The Church In The Darkness – I’m No Believer
Rarely is a narrative that involves a religious cult lacking when it comes to tension, insanity and crazy personalities. As far as works in the gaming space are concerned, it has been the likes of Far Cry 5 that have proven in recent years that some of the most sweat-inducing, heart-pounding tension can be elicited from. Though from a very different perspective, The Church in the Darkness, which comes from Richard Rouse III and Paranoid Productions, attempts to convey that same sort of tension and dread through a top-down perspective, but despite a solid premise, at almost every turn fails to pull it off.
You’re not eased into The Church in the Darkness, in fact, you’re dropped straight into the action with very little to drive you in terms of narrative, you’re out to rescue your sister’s son Alex who appears to have been kidnapped by a religious cult and has been taken to their colony at “Freedom Town”. Your point of arrival at Freedom Town yourself can vary, as can the temperament of the inhabitants and even Alex when (should) you find him. The circumstances around Alex’s time at Freedom town can have a profound impact on your playing experience. He may be a hostage, maybe he’s been causing a number of problems and he’s locked away, on the opposite end of the spectrum, maybe Alex has grown to enjoy his time with the cult and doesn’t wish to leave, complicating things even further. Each run through the procedurally developed story throws a different combination of situations for you to work through, guaranteeing that each playthrough throws a slightly different narrative at you.
Though the narrative can take different twists and turns, and the procedurally developed story throws a few little world changes at you, overall, the experience of playing The Church in the Darkness is the same, regardless of a few cosmetic differences. Unfortunately, the act of playing The Church in the Darkness isn’t nearly as dynamic or interesting. Most of your journey involves evading cult members, but with very clearly indicated cones of vision, along with enough room to swing a cat at your disposal, navigating your way past the local security, save for a few select bottleneck locations is actually quite easily managed, and fails to either stimulate or engage. The systems at play are simply too easy to exploit, detracting from the risk/reward motives that the game expects you’ll consider, instead you’ll find it’s pretty easy to stealth up behind an enemy kill or incapacitate them, and move on, or elude them altogether. If you’re spotted, and a civilian manages to get to an alarm, that has the potential to bring a whole host of guards upon you, but the resources necessary to disarm the alarm are plentiful enough to ensure that any noise can be quickly silenced.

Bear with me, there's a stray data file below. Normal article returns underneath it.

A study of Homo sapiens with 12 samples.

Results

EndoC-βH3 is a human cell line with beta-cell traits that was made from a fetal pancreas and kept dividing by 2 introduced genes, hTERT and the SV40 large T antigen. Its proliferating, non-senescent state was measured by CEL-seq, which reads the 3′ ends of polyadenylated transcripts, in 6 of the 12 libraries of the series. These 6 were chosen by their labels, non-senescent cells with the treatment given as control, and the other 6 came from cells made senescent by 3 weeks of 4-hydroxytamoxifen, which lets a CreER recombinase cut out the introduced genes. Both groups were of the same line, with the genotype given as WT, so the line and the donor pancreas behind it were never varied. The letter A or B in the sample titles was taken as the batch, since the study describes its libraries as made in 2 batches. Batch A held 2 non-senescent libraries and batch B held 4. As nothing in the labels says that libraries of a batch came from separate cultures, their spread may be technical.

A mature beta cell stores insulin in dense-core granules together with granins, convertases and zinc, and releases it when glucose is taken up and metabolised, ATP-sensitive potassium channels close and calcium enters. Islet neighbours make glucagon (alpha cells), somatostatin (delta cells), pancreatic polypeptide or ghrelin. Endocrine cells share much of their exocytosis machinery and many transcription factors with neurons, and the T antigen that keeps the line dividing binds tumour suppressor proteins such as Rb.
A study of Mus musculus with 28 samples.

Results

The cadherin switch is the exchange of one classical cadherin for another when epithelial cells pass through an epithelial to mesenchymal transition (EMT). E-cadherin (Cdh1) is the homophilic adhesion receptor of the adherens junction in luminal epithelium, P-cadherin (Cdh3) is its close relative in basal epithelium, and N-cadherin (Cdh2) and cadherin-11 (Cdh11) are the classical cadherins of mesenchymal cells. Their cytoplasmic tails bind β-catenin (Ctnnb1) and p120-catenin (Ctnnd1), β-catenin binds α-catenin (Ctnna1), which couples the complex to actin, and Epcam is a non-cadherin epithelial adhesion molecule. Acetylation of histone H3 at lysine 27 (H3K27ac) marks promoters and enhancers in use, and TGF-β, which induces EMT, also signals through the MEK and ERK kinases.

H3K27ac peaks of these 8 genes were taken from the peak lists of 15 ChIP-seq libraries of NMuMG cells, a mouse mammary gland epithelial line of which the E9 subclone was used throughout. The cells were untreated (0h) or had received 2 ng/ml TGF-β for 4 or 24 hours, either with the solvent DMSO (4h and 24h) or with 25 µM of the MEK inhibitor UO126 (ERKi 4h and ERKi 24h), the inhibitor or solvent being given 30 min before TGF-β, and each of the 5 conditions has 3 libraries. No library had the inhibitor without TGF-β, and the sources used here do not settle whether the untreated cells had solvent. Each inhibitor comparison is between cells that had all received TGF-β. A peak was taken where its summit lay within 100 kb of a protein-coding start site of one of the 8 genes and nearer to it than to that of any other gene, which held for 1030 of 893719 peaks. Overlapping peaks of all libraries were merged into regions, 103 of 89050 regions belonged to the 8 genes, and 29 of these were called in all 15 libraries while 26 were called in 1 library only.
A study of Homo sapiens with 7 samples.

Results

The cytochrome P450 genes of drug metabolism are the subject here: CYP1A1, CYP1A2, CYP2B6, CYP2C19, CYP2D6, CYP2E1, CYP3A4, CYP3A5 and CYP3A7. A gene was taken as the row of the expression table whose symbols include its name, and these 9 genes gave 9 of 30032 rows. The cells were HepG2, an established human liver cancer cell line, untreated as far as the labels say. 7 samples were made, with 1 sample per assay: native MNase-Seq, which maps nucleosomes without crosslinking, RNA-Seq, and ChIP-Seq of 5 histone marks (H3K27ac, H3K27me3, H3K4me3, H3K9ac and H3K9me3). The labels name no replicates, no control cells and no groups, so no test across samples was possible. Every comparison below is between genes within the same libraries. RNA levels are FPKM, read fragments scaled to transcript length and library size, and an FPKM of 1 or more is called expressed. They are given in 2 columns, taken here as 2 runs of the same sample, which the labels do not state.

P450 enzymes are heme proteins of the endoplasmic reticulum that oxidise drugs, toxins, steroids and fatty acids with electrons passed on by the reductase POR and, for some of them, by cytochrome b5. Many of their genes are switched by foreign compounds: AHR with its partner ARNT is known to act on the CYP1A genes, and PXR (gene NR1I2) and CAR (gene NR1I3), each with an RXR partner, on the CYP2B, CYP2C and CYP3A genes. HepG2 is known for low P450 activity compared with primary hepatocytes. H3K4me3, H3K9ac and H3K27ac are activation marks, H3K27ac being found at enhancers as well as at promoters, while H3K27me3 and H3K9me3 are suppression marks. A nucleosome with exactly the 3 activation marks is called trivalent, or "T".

Resource management is an essential component to the game, from what is needed to deactivate the aforementioned alarms, to metal shards that take them out of action before they sound, painkillers are scattered about to take the edge off should you be hit with a few bullets, while bullets themselves can be scrounged from empty homes, as well as looted from the bodies you leave behind. Given the number of instances where combat is likely essential, there’s still an abundance of ammunition to be found, and it’ll only be your playstyle that dictates how much of that you have leftover.
In terms of presentation, what The Church in the Darkness presents is quite sloppy. There’s an excessive amount of commentary coming from the P.A systems scattered around Freedom Town and that will likely infuriate you as much as they SHOULD infuriate the locals. Visually is perhaps where the game struggles the most. Though there’s a clear design intent here, it’s hard not to look at The Church in the Darkness and feel the need to compare the visual style to that of Runescape when it first transitioned to 3D – it isn’t a pretty picture.
The foundation of The Church in the Darkness is a solid one, there’s a solid premise, the procedurally developed narrative aspects are intriguing, there’s lite resource management, and the game has a clear style guide that it’s working to, but none of these disparate pieces seem to come together to form a cohesive whole. In almost every aspect The Church in the Darkness is close, but not close enough.
Born and bred on the Super Nintendo era, Paul relishes any opportunity to sink his teeth into an RPG, action or platformer. Despite being an owner of all major platforms, Paul does have a particular love of the Playstation family of consoles – take only a few minutes to skim through his Twitter and you’ll see him ranting about the next big thing on PS4. We swear he’s sane.